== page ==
Last night, Nemo was my demo dog as we started a new set of puppy and dog classes at Zoey’s Dawg Stop. The owner of Zoey’s has a cute little (big!) mastiff puppy, Bubba. Nemo and Bubba had a grand time romping through the store before class started, playing beautifully.
After Orientation was over, Nemo ventured into Bubba’s crate and found a still-stuffed Kong. Being the resourceful animal that dogs are, Nemo went ahead and picked it up and brought it out of the crate – the find of the century! Bubba came over to investigate and Nemo, tail still wagging, gave Bubba a warning growl.
Not a big deal to me, I’m used to normal "dog talk." Nemo was telling Bubba to back off, he wanted to investigate this newly found treasure by himself, thank you very much. As soon as Bubba heard the growl, he very politely backed off and gave Nemo the space he’d asked for. A very normal, very polite dog to dog interaction.
Yes, there were growls. Yes, there was food involved. But that’s not at all unusual. Dogs don’t have words. Nemo couldn’t say to Bubba "Hey, this is cool. Give me a minute to look at it, ok?" But he did convey that very sentiment to Bubba with a quick growl. His body language (relaxed wagging tail, soft ears and eyes) told me that he wasn’t being aggressive, he was just letting Bubba know that this newly found treasure wasn’t community property.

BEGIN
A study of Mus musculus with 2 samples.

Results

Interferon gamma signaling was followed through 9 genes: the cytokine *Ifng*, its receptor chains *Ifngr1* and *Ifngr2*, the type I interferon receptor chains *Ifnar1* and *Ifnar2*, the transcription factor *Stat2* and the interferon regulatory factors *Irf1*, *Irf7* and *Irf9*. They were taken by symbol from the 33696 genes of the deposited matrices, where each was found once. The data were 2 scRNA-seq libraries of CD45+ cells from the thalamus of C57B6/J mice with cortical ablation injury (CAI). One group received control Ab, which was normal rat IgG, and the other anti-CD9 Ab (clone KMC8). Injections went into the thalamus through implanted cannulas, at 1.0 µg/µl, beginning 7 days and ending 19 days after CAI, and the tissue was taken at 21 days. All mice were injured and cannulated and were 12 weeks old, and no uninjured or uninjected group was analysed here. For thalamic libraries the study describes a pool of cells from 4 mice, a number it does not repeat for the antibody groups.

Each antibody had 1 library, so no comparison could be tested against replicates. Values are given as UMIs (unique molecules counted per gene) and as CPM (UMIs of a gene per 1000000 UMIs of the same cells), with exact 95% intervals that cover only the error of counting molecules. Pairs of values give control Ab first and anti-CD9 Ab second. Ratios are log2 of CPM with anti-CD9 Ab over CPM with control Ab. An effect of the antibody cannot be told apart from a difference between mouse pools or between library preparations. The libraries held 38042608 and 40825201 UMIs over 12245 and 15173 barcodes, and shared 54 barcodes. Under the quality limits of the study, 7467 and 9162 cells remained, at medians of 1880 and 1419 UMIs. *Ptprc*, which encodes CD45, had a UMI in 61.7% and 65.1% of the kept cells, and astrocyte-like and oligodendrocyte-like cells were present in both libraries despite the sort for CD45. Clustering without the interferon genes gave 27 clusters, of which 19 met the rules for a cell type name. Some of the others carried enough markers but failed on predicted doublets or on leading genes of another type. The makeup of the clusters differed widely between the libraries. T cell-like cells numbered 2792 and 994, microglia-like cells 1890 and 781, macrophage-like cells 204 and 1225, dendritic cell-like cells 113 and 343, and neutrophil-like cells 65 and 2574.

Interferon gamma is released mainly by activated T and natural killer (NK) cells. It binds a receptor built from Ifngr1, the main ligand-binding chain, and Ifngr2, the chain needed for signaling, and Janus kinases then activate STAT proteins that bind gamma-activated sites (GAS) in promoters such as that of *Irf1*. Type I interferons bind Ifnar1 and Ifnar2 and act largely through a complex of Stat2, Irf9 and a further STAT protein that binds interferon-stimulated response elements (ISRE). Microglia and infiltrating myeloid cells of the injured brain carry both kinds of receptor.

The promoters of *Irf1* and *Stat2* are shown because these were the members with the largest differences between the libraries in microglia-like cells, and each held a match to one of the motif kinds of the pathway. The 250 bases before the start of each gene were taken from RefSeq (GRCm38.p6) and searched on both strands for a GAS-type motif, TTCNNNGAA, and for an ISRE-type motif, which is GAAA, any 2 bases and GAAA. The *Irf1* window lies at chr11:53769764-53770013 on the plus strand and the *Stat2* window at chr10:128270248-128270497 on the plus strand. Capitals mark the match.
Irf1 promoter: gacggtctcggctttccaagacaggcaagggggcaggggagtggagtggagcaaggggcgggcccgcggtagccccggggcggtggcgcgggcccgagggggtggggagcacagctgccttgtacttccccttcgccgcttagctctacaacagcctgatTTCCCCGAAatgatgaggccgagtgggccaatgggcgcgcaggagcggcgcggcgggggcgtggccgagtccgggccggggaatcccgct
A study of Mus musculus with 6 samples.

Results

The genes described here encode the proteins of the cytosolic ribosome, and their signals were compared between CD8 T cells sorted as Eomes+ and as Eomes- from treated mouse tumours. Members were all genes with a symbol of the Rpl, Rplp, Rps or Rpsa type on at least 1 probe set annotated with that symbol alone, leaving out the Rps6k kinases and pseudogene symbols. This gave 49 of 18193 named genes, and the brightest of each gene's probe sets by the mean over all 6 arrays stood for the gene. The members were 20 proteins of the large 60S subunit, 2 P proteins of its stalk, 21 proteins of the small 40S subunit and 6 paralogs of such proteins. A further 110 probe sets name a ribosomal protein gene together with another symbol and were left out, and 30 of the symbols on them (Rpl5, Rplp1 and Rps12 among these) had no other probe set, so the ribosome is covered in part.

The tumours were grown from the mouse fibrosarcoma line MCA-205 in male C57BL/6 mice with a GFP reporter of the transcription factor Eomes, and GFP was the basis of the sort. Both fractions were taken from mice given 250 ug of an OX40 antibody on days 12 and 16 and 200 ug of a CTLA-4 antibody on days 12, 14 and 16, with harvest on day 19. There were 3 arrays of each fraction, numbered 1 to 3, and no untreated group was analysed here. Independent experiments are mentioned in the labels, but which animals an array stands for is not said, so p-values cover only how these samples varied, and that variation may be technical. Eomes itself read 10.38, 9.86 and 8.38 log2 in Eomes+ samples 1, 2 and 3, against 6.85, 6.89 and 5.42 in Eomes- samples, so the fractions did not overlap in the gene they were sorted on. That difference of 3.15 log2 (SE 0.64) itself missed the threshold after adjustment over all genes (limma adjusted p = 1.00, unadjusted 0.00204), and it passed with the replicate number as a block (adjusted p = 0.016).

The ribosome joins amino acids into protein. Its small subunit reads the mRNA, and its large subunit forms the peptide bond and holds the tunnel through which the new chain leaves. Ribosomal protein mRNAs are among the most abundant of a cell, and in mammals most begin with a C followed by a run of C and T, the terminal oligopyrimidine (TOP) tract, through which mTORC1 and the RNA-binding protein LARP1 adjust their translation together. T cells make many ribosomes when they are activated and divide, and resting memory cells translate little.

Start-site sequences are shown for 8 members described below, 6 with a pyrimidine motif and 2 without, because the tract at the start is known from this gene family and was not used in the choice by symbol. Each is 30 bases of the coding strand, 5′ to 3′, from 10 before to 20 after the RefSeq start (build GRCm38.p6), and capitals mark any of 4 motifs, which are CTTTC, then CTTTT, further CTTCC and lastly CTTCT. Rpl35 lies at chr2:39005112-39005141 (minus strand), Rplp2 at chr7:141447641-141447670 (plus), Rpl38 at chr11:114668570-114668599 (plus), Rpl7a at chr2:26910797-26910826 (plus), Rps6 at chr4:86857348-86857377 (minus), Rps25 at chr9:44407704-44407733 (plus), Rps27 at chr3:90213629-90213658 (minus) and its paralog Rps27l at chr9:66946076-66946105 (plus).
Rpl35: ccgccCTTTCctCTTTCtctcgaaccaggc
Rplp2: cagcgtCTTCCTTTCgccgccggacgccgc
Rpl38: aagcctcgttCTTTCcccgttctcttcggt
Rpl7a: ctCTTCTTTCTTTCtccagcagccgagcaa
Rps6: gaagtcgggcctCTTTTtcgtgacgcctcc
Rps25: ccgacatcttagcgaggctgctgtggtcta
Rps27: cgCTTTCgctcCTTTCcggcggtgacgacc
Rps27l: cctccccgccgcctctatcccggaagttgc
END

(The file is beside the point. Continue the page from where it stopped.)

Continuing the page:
The dogs don’t growl at me (or people in general) because I’ve worked really hard since they were pups teaching them that people aren’t threats. We won’t take something away just because we can. These dogs actually look forward to people approaching them when they’ve got something yummy because it means they might actually get another yummy as we pass by.
When they were pups, we taught them that people are very likely to drop really delicious treats when walking past, particularly if the dogs already have something yummy. So when we’d walk past the food dish at dinner time, we’d drop in a piece of chicken and keep walking. It doesn’t take dogs long to figure out that people approaching a food dish might mean that a delectable goodie is also coming.
Expecting that your dog will never growl at another dog is unrealistic. That’s how dogs talk. Growls are part of doggie communication.
What about a puppy that growls at humans ?
My 12 week old puppy growls at me and my children whenever we try to move her
It’s clear she doesn’t want to be moved and this is her response . Sometimes she gets upset enough to nip at us
Laurie Luck says
Hi KB, thanks for your comment. This is a problem! I like to teach alternatives to physically moving an animal, especially if we see growling.
So, instead of physically moving the pup, how about calling her in a happy voice, reinforcing (rewarding) her for moving voluntarily? Teach her a hand target (search the blog for this – I’ve written about it extensively and have videos, too), to get her to move.
Definitely get that girl into a positive reinforcement (clicker training) class ASAP. At 12 weeks, you have only another four weeks (at most) before the socialization window starts to close. A good, positive puppy class will likely help you (and her) out a lot!